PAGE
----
Uncategorized • Oct 08, 2012

Is That Rat Poison in my Baby’s Rice Cereal?

Earlier this year we heard about arsenic in apple and grape juice.  This month the news has broken that most rice products, including organic products and infant rice cereal, also contain high levels of arsenic.  Arsenic in juice didn’t worry me too much, because most kids don’t drink enough juice to be affected.  But now the research is here that shows very elevated levels of arsenic in rice products that are common in most family diets.

I don’t like to be an alarmist, but it’s time to worry about arsenic in our food.

According to research by Consumer Reports, one adult serving of rice can expose you to 1.5 times the daily limit of arsenic in drinking water.  And the worst part is that the food products tested are things that are common in most of our kitchens, including Gerber rice cereal, Uncle Ben’s Rice, and Kellogg’s Rice Krispies.  Even organic products like Earth’s Best rice cereal and various brands of organic white and brown rice contained elevated levels of arsenic.

Arsenic in infant rice cereal is particularly concerning.   Keeve Nachman, Ph.D., a risk scientist at the Center for a Livable Future in the Johns Hopkins Bloomberg School of Public Health, told Consumer Reports, “The more we learn about arsenic’s additional effects on the developing brain, the more concerned I am by these levels of arsenic being found in infant and toddler rice cereal.”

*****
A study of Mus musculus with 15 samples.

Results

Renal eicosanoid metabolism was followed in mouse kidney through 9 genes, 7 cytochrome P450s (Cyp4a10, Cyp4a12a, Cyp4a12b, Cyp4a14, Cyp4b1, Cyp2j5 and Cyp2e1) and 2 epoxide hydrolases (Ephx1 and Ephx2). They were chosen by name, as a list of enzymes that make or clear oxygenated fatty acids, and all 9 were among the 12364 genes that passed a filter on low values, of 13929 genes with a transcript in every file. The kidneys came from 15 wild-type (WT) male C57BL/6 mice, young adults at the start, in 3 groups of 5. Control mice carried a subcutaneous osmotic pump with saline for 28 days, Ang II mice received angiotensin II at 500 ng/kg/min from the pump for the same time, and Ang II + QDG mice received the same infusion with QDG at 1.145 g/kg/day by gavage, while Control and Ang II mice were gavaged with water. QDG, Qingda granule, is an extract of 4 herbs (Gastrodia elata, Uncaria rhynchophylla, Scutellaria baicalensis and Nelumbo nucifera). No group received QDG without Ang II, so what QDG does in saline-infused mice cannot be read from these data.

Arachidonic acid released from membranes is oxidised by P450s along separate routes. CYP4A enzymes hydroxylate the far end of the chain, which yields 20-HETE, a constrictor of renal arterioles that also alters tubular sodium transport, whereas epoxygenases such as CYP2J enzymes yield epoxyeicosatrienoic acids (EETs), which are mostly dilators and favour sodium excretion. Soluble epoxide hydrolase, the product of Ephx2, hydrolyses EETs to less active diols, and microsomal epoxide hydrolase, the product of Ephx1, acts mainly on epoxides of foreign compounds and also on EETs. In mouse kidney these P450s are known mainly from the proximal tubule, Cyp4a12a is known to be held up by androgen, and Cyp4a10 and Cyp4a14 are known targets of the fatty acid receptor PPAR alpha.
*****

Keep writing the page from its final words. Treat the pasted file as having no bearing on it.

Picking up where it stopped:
Our government does regulate arsenic in drinking water, but at present we have no legal regulation of arsenic in most food and drinks.  Arsenic is believed to have entered our food and water supply through its use as a pesticide.  The Environmental Protection Agency (EPA) states that no level of exposure to the carcinogenic form of arsenic is safe.  The carcinogenic form of arsenic is called inorganic arsenic, as opposed to organic arsenic which is commonly found in soil and plants and is considered non-toxic.

How can you reduce your family’s arsenic intake without throwing out most of your pantry?  Here’s my plan:

  • Feed your infant oatmeal or other mashed food and forget the instant rice cereal.
  • Rinse rice with copious water before cooking it, and then cook it in 6:1 water to rice ratio.
  • Eat lots of different grains and try not to eat rice daily.
  • Limit apple and grape juice intake to four ounces per day per person.  You and your kids don’t need that much sugar anyway.

Yes, there are those in the rice industry who are trying to caution consumers that rice is still safe to eat.  But if this class 1 carcinogen is too dangerous for our drinking water, why do we permit it in our food and drink?  Persistent exposure to elevated levels of inorganic arsenic is associated with cancer and illness of the gastrointestinal tract, kidneys, liver, lungs and skin.  Arsenic is historically infamous as a poison used for murder.  For many years it was used as rat poison.  So, with due respect to the rice industry, I don’t care for arsenic in my food.